Hypothesis Method: 5 Actionable Steps of Top Entrepreneurs

Hypothesis Method: 5 Actionable Steps of Top Entrepreneurs

How do you decide if a new opportunity, new idea, or customer segment is worth pursuing?

This comes up in every stage of every company!

New ideas trigger a decision point: should we spend time on this?

I like using a bullseye framework to quickly triage the value of a project, idea, or strategy.

Another tactic used by successful entrepreneurs is to make a hypothesis.

Here’s how it works…

Hypothesis Method: 5 Actionable Steps

1. Identify the hypothesis.

Write it down. What is the high level concept you’re testing?


I hypothesize that this channel could help us reach more customers.
I hypothesize that our product could also help this customer segment.
I hypothesize this type of internal stakeholder is a more likely buyer.

Writing it down helps you get crystal clear on the next step…

2. Name a successful outcome.

If the hypothesis is correct, how will you know? What do you expect to happen if you’re right?

Identify a benchmark and make it SMART.


We will close 2 deals within 2 months through this channel.
We will create $100,000 of pipeline within this customer segment.
We will get over 1000 likes on this social post if the messaging resonates.

The odds of this exact benchmark happening are zero 😁

Results are usually a shade of gray and a judgement call.

BUT — having an idea in your head of what “success” looks like is important. It provides an anchor and accountability.

3. Plan your test.

How will you test the hypothesis?


We will do 5 blog posts and 5 social posts targeted to this new market.
We will dedicate 10 hrs/wk of a current SDR to call on this customer segment.
We will send an email campaign to this stakeholder.
We will do 20 customer discovery calls with this new persona.

Here are real life, lightweight examples of authentic demand and product concept tests.

Get specific. Use a priority spreadsheet if needed.

Beware of “doing good stuff” that feels productive but doesn’t quite align to your hypothesis. Time will pass but you won’t be closer to a clear result.

4. Set a deadline.

How long are you willing to test?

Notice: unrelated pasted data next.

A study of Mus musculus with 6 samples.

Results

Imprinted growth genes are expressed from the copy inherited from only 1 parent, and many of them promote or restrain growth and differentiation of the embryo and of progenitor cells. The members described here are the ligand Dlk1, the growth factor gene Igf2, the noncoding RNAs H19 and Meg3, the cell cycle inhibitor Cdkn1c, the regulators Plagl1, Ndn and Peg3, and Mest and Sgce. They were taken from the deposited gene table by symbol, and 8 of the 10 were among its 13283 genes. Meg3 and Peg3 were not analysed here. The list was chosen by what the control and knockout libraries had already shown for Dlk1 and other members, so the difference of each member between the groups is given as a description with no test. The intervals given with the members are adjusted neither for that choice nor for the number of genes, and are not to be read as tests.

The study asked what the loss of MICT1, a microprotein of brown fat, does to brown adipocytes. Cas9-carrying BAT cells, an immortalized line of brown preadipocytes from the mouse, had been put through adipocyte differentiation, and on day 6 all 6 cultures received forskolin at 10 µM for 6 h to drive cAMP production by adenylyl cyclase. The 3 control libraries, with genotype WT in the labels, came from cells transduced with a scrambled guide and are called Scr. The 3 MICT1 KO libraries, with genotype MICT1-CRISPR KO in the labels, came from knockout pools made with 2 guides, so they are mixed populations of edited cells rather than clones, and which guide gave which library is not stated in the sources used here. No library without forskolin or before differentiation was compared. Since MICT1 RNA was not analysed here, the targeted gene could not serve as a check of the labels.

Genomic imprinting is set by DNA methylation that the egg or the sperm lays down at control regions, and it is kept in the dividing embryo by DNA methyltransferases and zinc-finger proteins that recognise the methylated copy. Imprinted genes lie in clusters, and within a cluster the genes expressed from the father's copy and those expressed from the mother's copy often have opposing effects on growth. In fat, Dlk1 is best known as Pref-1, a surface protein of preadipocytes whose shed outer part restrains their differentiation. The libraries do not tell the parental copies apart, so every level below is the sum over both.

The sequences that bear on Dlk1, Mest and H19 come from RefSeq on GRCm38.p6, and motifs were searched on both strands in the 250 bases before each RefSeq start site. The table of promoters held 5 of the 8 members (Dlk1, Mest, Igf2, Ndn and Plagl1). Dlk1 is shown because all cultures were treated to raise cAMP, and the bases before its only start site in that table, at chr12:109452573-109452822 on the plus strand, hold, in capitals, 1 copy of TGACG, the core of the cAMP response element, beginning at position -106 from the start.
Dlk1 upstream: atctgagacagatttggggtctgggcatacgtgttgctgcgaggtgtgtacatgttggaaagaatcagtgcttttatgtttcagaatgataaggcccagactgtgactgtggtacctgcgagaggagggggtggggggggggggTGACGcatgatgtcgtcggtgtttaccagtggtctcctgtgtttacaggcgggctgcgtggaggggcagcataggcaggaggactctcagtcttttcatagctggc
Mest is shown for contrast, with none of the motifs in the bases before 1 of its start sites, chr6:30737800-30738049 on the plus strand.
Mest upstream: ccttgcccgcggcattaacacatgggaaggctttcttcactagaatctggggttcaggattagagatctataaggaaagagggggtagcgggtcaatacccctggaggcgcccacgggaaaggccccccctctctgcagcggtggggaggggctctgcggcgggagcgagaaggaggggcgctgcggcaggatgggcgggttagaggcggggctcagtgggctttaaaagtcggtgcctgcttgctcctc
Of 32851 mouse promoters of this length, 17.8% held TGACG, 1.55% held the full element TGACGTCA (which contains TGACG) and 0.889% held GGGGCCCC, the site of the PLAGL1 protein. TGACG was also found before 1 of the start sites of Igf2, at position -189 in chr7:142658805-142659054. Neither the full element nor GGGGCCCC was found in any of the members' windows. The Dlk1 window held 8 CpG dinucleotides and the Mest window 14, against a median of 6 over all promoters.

Before you start, decide when you will evaluate the test results. This is key for accountability and to avoid “just-one-more-week” syndrome.


I will schedule a calendar reminder for 6 weeks out.
I will schedule a meeting with an advisor for the deadline to be a sounding board.  
I will align this with quarterly goals and tracking.
I will evaluate after talking to 25 customers.

5. Analyze the data.  

Arguably the hardest step — was the hypothesis right or wrong? What did you learn?

One challenge is that “data” or “results” are rarely clear cut:

Some customers said x, some said y, some said z.
More deals closed but not as many as we thought.
We got 800 social shares but did not hit our 1000 goal.

Understand and watch out for confirmation bias. Being honest with yourself, even when it’s hard, gets you closer to the right path faster!

Having trouble getting clarity on your hypothesis?

Talk it over with a trusted resource, trust your gut, or come up with a new hypothesis to test!

Top Entrepreneurs Do This

Show me a great entrepreneur and I’ll show you someone who is testing ideas.

Whether intentional or subconscious, top entrepreneurs use the hypothesis method constantly.

They look at data, listen to customers, see what the market tells them, and adjust rapidly.

Identify your hypothesis to quickly and consistently find the signal through the noise!


Do you use the hypothesis method, either intentionally or subconsciously? How do you know if an idea is worth pursuing?